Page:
Watching a recent rerun of The King the Graham Kennedy story brought back some wonderful early memories of the birth of television in Australia.
My kids laughed when they saw old black and white pictures of people gathering around a shop front watching demonstration TV’s through the window. But that’s just what we did.
Only the wealthier families could afford a TV set back then. However, in a symbol of a long gone era families in the street with a TV set would invite the less fortunate neighbours (like us) to come and watch television with them one night a week.
Our night was Thursday- Bob Dyer’s Pick a Box, I Love Lucy, 77 Sunset Strip. We’d arrive at 7 o’clock and at 9.30 after Efrem Zimbalist jnr and Ed “Kooky” Byrnes had done their stuff on Sunset Strip we’d head home.
I couldn’t wait for the next Thursday night to roll around.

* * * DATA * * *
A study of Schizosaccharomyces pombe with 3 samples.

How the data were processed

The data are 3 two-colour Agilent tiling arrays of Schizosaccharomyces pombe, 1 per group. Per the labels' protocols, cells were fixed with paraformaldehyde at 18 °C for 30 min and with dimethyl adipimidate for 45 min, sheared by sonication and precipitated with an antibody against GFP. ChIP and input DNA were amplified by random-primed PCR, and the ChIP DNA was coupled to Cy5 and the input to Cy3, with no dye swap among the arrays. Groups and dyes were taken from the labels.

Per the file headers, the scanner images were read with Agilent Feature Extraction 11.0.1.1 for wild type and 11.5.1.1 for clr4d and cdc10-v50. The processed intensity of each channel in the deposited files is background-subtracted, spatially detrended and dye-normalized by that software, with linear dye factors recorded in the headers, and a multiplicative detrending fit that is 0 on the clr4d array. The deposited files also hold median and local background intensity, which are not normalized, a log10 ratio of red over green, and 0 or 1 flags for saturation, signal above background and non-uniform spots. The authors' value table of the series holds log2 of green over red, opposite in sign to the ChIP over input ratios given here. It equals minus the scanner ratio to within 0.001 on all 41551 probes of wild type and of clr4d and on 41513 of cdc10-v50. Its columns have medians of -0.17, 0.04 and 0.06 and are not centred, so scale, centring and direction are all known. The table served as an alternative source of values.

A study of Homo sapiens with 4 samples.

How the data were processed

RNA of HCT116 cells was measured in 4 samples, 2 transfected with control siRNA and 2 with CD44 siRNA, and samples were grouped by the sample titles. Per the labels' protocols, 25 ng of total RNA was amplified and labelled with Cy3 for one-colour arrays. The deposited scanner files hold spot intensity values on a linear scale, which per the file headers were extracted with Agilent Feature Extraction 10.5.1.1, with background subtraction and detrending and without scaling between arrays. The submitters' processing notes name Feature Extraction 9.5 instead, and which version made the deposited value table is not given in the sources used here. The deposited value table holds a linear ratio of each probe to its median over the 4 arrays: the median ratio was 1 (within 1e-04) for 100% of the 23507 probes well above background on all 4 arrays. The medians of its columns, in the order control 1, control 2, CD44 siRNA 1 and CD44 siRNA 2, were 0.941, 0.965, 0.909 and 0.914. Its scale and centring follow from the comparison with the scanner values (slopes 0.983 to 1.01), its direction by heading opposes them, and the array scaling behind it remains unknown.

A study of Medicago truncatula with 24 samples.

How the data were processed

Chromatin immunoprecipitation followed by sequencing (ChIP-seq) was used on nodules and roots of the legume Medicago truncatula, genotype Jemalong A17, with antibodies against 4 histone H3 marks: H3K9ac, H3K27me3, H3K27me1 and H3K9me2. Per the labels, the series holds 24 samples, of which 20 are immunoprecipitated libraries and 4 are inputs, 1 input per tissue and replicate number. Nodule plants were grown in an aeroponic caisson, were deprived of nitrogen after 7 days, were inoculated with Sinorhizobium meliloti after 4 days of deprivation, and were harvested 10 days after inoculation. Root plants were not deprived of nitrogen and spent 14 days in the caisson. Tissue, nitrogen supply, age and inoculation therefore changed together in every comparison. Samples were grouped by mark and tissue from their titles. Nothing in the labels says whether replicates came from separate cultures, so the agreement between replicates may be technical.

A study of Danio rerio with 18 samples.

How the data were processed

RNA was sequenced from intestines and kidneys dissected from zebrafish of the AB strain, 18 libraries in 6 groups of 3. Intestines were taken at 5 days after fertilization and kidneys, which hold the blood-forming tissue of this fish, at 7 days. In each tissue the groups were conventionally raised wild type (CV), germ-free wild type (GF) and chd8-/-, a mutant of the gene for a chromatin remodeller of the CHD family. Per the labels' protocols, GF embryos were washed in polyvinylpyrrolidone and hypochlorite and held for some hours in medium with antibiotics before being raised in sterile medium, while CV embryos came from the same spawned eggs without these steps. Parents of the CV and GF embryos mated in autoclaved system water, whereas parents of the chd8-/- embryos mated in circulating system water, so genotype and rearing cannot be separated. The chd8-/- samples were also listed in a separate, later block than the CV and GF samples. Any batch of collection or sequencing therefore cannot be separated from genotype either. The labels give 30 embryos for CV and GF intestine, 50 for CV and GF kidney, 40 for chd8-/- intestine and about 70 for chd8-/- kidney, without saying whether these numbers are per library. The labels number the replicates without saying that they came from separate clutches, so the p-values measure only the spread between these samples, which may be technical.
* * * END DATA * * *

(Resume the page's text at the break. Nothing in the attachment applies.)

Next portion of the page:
Louie the fly’s Mortein , Victa lawnmowers, “Don’t wait to be told. You need Palmolive gold” The ads were as enjoyable as the shows. We were pretty easily pleased back then.
It was a couple of years later before we got our first TV set, a Rank Arena an unknown brand at the time among the 17 inch HMV’s and Astors.
School days were spent dreaming of getting home by four o’clock in time for Rin Tin Tin and The Cisco Kid and Cassidy.
Television had begun test transmissions for the 1956 Melbourne Olympic Games.
I remember seeing some of the events via this exciting new medium, at my grand parents home.
The winds of media change were positively howling.
The entire Olympics were covered by two Outside Broadcast vans using just six cameras.
One van was based at the MCG for the athletics – the other went from event to event with its three cameras.
As there was no way to transmit the pictures over long distances only the two percent of homes in Melbourne with TV sets were able to see the Games live
Forty four years later the Sydney Olympics were covered by 800 digital cameras beaming their pictures to almost four billion people around the world.
Despite some prophets of dooming forecasting television was just a fad that wouldn’t last those of us out in suburbia knew differently.